The Day the Prisoners Are Freed in Venezuela / 14ymedio, Carlos Alberto Montaner

Photographs of former President Hugo Chavez being removed from Parliament. (Youtube)
Photographs of former President Hugo Chavez being removed from Parliament. (Youtube)

14ymedio bigger14ymedio, Carlos Alberto Montaner, Miami, 9 January 2016 – I couldn’t avoid the sense of déjà vu. It brought to mind Eduardo Suarez, formerly with El Mundo, a professional of the image with a fine instinct for the news. Hugo Chavez’s photographs being expelled from the new Venezuelan National Assembly brought back to me the unforgettable episodes at the end of European communism, with the statues of Stalin rolling on the ground in the midst of a glorious dust.

Somehow, what happened in Caracas is a continuation of those events. It is with good reason that the Chavistas and their fellow travelers proclaimed themselves cultivators of 21st Century Socialism, although with much less violence than that of the 20th century, but with the same level of incompetence and perhaps even more corruption. It was the enormous amount of patronage, collectivism and disdain for the ways of liberal democracy that allowed this to happen, in the time after the fall of the Berlin Wall and the total discrediting of Marxist superstitions.

Henry Ramos Allup, the new president of Venezuela’s National Assembly, has done well, starting his work without fear. Not only does he have reason behind him, but also the Constitution and two-thirds of the seats in parliament. According to a Datincorp survey, 81% of Venezuelans reject Nicolas Maduro’s call to ignore the decisions of the new parliament.

The clearest priority of this anguished society is to relieve its grave economic problems, but this rescue operation begins by respecting the popular will, expressed in the designation of 112 deputies, not one less, and in releasing to the streets the hundreds of unjustly imprisoned political prisoners, led by Leopold Lopez and Antonia Ledezma. Venezuela’s national poet, Andres Eloy Blanco, anticipated it many years ago: “I sowed the stars / held in the heart / and it was good like the day / the prisoners were freed.”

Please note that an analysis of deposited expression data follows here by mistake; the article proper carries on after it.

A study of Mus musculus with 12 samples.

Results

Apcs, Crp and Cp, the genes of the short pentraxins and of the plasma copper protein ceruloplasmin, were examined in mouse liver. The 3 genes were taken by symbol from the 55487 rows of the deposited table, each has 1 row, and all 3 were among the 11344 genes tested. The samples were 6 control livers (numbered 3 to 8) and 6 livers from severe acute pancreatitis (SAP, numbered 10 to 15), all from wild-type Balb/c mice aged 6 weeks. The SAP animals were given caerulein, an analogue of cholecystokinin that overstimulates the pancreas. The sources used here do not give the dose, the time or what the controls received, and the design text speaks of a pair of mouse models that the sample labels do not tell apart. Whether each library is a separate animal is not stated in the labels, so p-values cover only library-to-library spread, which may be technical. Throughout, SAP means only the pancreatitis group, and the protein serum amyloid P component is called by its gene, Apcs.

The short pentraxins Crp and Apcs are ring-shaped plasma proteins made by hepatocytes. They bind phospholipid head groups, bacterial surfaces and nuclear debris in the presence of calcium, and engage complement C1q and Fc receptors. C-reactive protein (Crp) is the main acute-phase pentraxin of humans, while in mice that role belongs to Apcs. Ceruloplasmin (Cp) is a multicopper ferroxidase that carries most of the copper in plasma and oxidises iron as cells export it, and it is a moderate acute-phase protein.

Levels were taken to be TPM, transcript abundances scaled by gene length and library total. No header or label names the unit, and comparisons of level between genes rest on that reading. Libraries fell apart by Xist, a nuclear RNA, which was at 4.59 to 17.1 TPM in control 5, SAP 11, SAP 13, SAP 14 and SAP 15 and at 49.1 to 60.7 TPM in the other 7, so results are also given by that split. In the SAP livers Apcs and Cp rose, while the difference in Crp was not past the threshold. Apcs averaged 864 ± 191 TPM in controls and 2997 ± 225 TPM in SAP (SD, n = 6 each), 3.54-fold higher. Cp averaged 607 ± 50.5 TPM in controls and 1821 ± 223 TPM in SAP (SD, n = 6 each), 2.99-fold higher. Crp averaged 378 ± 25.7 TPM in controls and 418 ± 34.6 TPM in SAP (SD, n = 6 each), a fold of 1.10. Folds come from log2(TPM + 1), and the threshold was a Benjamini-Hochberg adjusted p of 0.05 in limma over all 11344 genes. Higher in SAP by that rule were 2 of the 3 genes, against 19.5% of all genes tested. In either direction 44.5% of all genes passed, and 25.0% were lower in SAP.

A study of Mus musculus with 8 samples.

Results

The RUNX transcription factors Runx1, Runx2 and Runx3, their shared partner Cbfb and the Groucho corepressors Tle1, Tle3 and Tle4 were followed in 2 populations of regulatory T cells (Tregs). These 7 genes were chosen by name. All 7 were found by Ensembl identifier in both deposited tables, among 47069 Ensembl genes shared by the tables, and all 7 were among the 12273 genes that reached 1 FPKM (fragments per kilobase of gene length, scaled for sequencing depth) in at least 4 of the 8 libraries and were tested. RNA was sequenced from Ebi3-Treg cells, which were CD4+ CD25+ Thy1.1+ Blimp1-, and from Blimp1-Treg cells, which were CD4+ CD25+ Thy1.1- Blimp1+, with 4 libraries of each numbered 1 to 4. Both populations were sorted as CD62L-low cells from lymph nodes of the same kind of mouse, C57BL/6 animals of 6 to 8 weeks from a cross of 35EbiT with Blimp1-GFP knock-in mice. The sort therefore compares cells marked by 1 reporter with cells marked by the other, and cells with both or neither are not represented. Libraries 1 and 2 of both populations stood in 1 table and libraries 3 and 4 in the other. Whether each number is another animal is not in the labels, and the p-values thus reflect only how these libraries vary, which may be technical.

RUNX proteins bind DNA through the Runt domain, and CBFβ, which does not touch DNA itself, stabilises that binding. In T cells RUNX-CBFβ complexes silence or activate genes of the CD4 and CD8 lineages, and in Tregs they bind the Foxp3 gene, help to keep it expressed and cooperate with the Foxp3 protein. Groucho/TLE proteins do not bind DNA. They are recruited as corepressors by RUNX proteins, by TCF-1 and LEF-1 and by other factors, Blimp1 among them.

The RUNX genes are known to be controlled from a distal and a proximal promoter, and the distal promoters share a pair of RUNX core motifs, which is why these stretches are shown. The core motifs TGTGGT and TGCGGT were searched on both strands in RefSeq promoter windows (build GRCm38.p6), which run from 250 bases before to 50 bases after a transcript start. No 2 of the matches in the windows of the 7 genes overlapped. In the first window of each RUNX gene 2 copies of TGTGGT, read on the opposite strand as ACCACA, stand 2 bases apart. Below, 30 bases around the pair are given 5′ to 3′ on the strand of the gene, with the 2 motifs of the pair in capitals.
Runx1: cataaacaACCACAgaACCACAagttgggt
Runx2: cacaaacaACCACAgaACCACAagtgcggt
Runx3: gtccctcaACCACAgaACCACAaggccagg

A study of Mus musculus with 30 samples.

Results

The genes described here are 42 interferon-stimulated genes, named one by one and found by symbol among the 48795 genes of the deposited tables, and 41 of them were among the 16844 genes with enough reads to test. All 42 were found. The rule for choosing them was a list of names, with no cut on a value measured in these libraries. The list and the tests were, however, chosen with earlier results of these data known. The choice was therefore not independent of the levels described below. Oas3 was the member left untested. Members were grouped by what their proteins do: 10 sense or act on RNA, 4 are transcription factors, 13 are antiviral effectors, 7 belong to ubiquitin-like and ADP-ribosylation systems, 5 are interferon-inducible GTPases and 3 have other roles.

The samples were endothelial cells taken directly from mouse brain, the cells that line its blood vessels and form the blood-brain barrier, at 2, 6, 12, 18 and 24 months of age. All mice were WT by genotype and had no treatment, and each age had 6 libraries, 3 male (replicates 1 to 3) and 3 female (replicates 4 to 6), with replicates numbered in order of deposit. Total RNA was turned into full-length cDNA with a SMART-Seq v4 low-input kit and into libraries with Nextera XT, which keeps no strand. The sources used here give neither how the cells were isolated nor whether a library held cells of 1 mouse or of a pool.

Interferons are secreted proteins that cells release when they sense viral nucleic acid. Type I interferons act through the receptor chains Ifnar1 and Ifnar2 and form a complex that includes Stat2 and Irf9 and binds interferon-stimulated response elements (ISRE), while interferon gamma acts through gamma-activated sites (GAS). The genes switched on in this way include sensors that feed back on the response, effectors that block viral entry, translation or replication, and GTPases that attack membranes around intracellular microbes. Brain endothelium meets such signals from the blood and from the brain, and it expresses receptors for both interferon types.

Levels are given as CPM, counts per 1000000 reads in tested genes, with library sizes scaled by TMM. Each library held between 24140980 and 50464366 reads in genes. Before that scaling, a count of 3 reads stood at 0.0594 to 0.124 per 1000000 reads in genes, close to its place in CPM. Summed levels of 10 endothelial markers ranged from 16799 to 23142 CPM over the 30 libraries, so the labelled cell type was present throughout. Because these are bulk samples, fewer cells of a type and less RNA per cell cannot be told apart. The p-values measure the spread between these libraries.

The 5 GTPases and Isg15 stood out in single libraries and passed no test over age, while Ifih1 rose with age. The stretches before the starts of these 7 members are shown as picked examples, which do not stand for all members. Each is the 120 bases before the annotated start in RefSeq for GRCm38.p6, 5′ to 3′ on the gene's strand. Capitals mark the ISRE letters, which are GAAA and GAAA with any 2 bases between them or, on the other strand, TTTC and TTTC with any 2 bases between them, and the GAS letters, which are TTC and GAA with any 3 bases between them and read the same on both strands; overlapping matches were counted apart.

Former Spanish president Felipe Gonzalez warned Maduro with great urgency. Venezuela is heading into a humanitarian crisis. Bad governance has decimated the productive capacity of the country, there is not enough food, medicine nor the money to import them, and international credit is finished.

As Maduro continued to chat with the birds, indifferent to reality, and as his new minister of the economy can’t find his right hand and ended up pulverizing the rubble, the only hope for rectification is the set of measures that can be taken by the National Assembly.

Second, inflation takes off and the government responds with price controls and the printing of money, which worsens the crisis. The third stage is complete chaos: shortages, an exponential increase in poverty, and a virtual collapse of the system.

The fourth, which Venezuelans should be experiencing now if Maduro weren’t so blatantly ignorant, is the adjustment. Prices must be reconciled, public spending cut and the productive apparatus revitalized by opening the doors to entrepreneurs and national and foreign investors, which requires respect for private property and a trustworthy judicial system.

21st Century Socialism arose with the petrodollars of Hugo Chavez’s Venezuela, under the treacherous direction of the Castros, and will end up with the collapse of this artificial, absurd and, above all, unaffordable, little world. Fortunately, as happened with the communist counties of Europe, the transition will probably be peaceful and carried out via legitimate elections. He who kills through ballot box, dies through the ballot box.